Vilnius – Viktoras and Danguolė Butkus’ 5000-piece-plus collection of Lithuanian art dating from the 1950s to today was assembled in less than 10 years – today, the pieces are housed by MO Museum, a new cultural powerhouse in Vilnius designed by Studio Libeskind. The institution adds victory to victory: a portion of the works in the collection is art that was considered ideologically unacceptable by Soviet authorities, consequently omitted from national museum collections of the time.
Showing retroactive respect is just one fraction of the museum, though – the collection is continually expanding with modern Lithuanian work. Also representative of the generation of artists who comprised the creative community during the restoration of Lithuania’s independence in the early nineties, MO is not just a museum, but a collective historical account. Despite being private, MO is, in every sense, a gift to the city of Vilnius and Lithuania in whole.
Studio Libeskind has spearheaded culturally sensitive projects like the Jewish Museum in Berlin, opened in 2001, and The World Trade Center master plan, which began in 2003 and is still in development – rendering the past and expressing it in the current. As the city of Vilnius rapidly maturates, it’s hard to imagine a studio that could have been better suited to creating an evergreen space for MO: a museum with and without walls, according to its director, Milda Ivanauskienė.
Before the new Amos Rex museum was built in Helsinki, they had rejected the Guggenheim proposal for an outpost in the city. Was a similar force at hand in Vilnius with MO – that is to say, is there a certain need now to prioritize pride for national work and cultural identity rather than import it?
MILDA IVANAUSKIENĖ: Amos Rex demonstrates a clear alternative to build culture and create value from within rather than to import culture: although the forces at hand to drop the Guggenheim project and to develop MO museum did not have a direct link one with another, the end-result reflects similar values that were vocalised in Finland. The core mission of our exhibition and public programs is to offer innovative, inclusive, topical and attractive presentation and mediation of modern and contemporary Lithuanian art in a wider international context.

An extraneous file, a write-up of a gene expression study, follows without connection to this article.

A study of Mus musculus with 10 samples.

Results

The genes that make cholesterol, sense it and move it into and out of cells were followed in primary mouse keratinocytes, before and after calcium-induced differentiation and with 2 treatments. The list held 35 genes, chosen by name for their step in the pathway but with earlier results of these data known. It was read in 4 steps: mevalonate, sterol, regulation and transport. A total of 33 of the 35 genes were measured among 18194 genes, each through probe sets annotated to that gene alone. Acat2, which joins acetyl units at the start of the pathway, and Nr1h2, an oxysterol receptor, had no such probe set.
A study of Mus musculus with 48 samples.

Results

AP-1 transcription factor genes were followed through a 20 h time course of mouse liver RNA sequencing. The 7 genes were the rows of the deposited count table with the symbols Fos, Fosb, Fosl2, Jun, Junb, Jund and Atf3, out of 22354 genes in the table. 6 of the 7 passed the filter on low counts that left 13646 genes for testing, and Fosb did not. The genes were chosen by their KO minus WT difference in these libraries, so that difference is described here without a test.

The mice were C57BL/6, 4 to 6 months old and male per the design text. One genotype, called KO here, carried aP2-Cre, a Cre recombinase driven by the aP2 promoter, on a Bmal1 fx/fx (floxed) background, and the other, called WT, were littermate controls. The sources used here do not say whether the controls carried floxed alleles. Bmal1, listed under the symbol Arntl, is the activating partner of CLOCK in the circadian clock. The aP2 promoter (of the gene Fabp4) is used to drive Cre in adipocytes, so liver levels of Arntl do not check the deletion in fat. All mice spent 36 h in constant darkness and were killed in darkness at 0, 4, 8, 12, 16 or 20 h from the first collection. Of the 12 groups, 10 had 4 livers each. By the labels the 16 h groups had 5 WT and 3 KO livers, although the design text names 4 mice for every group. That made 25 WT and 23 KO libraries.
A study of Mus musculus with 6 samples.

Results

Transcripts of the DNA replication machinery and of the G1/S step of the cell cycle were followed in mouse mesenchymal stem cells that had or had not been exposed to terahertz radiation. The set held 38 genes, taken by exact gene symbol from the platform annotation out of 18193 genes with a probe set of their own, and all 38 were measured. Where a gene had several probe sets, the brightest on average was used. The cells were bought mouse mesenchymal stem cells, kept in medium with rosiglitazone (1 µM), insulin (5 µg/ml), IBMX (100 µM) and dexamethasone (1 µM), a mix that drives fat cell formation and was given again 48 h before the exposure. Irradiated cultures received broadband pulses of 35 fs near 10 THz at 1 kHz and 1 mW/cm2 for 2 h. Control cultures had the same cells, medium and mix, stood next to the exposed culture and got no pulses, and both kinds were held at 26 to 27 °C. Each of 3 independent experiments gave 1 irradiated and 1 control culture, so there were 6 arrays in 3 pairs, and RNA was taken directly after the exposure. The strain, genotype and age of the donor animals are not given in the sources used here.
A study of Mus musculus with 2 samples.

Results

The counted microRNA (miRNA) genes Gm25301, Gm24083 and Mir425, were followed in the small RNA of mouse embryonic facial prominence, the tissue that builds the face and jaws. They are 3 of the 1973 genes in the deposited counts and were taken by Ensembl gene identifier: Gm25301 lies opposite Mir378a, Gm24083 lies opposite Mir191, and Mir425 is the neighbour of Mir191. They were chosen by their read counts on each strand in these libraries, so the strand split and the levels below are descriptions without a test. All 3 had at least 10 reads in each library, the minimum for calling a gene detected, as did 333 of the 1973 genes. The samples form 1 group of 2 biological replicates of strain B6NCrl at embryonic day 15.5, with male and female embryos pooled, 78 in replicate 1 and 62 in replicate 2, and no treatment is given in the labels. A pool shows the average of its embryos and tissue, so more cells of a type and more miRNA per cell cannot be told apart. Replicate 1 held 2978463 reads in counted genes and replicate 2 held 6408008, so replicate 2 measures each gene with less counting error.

One of the goals of the museum is to make Lithuanian artists more recognised and appreciated in Lithuania. It’s important for us to introduce never-before-seen works of art created behind the Iron Curtain to an international audience and create links with different art scenes. The second show Animal-Human-Robot, will represent some of the collection’s highlights alongside with internationally renowned artists – Hito Steyerl, Katja Novitskova, Daiga Grantina, Mikelis Fišers and others.
The MO Museum building was conceived as a cultural gateway to link the past and future
How does the design of the museum represent the city? Welding the history of Vilnius together seems very important in recent projects by Lithuanian designers.
The MO Museum building was conceived as a cultural gateway to link the past and future: it stands at the intersection of the medieval Vilnius Old Town and the city’s newer westward expansion. Studio Libeskind’s design is inspired by Vilnius’ historical city gates and references local architecture both in form and materials: it’s linked to Vilnius through the use of the golden ratio. The rectilinear exterior façades are finished in crisp white stucco referencing materials found in the classical architectural landmarks of the city. It establishes a harmonious relationship between tradition and innovation.
Symbolically, the interior courtyard cuts through the entire building and features a dramatic staircase connecting a plaza at street level with an open terrace on the roof allowing the structure to flow between exterior and interior, the public and the private. There is also a possibility to explore the open museum spaces 24/7, a new perspective in the centre of Vilnius.